COVID-19 caused 75% revenue drop for small businesses in Australia

Australians are being urged to shop local after the massive blow from the coronavirus crisis was revealed.

Three in four small businesses have recorded up to a 75 per cent decline in revenue as a result of the deadly pandemic, according to new data from a leading research group.

And the smaller the entity, the heavier the losses have been.

Nearly one-third of sole traders say they have lost more than 75 per cent of their income, compounding the significant blow to business during the summer’s devastating bush fires.


“Small businesses are the heartbeat of their communities but they’re doing it really tough,” Council of Small Business Organisations of Australia chief executive Peter Strong said.

“They’re worried about losing customers and their mental health is suffering.

“A third of sole traders have seen almost 80 per cent of their revenue evaporate overnight.”

David Heffernan is a pharmacists at Culburra Beach in NSW who said his business had already been impacted by the fires that tore through the state’s south coast.

“So it had been a tough year for us even before COVID-19,” he said.

And rural truck stop operator, the 24 Seven Group, said the combination of the devastating blazes and the global pandemic meant it had suffered a “double hit”.

“We first suffered because of the SA bush fires and then saw our weekly revenues fall by more than 70 per cent during April and May as a result of COVID-19,” owner Stan Karalis said.

“As the largest employer in some of the small regional towns in which we operate, we are conscious of keeping our people employed and our community going.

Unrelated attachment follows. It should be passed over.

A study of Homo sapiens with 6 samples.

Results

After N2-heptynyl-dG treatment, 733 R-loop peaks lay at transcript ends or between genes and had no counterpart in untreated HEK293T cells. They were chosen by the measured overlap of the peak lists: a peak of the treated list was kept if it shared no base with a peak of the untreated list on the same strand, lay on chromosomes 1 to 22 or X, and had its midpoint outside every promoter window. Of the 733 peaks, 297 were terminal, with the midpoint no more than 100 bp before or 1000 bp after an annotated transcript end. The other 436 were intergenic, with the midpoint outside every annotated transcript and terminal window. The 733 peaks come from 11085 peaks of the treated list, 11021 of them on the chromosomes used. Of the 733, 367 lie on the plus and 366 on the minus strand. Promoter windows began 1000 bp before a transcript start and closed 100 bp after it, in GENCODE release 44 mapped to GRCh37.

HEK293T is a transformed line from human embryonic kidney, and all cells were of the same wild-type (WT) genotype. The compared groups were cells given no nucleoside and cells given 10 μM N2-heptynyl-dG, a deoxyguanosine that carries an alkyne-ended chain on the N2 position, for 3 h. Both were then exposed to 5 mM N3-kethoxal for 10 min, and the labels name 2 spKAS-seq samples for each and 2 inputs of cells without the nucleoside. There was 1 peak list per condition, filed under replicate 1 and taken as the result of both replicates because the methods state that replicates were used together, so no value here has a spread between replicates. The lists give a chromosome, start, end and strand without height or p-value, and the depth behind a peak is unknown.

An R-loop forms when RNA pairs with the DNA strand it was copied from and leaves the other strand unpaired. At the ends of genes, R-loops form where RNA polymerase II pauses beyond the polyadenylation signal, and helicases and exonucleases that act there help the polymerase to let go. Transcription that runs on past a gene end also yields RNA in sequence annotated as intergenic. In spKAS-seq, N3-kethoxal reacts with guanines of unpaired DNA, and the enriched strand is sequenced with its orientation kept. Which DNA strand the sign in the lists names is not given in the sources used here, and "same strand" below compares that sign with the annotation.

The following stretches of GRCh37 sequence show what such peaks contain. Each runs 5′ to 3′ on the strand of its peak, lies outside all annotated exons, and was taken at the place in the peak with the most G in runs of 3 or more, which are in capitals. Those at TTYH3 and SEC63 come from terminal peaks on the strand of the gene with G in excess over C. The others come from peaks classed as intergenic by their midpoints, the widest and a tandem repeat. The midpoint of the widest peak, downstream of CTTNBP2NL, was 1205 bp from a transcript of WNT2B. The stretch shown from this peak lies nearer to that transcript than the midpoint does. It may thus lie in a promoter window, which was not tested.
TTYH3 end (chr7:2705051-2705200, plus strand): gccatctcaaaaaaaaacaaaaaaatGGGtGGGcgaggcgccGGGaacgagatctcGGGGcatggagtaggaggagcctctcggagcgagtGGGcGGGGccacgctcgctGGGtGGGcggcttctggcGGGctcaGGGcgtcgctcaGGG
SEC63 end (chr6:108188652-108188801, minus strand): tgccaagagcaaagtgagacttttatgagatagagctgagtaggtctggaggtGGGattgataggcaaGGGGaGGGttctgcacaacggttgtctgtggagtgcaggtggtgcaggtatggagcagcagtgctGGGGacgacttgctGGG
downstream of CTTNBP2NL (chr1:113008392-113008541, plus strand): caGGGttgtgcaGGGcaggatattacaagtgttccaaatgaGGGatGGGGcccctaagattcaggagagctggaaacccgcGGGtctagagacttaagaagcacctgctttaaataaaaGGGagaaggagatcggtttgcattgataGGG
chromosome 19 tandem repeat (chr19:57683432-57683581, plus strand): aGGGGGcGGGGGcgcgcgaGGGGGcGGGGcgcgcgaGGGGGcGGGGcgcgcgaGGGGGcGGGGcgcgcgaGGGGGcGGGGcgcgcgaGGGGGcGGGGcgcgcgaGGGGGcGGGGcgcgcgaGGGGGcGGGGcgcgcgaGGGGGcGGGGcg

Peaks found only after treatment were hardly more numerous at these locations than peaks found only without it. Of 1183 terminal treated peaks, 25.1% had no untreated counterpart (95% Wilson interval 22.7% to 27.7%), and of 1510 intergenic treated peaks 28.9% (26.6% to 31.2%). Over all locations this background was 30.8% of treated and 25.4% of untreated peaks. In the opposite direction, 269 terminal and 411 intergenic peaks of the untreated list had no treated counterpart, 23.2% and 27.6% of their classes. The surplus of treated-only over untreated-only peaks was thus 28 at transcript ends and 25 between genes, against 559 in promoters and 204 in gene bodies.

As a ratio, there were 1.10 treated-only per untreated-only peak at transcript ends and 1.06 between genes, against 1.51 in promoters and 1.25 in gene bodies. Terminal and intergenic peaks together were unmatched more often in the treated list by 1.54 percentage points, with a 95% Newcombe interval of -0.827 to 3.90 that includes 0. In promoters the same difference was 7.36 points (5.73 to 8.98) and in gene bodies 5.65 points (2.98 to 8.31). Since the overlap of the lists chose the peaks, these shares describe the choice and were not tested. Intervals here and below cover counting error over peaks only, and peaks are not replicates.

“But it has been tough and is likely to be a struggle for some time yet.”

One-third of business owners have been forced to reduce their own pay to keep the doors open and, concerningly, more than half say their livelihoods and mental health have suffered.

More than 60 per cent of the operators surveyed said they intend to buy from other smaller enterprises into the future but Mr Strong said this needs to be extended throughout the community.

“Small businesses can’t do it alone, which is why it’s promising that 63 per cent of Australians say they will buy goods or services from a local small business over the next month,” he said.

“It’s been heartening to see people rally behind their local businesses over the past few months but we still need more Australians to think and go local first when they shop.

“When you shop local your money stays in the community, meaning local small businesses will still be there when things are back to normal and they can continue to sponsor the local school fete or sport club.

“Locally, small businesses are the beating heart of their community but together, they’re the backbone of the national economy.”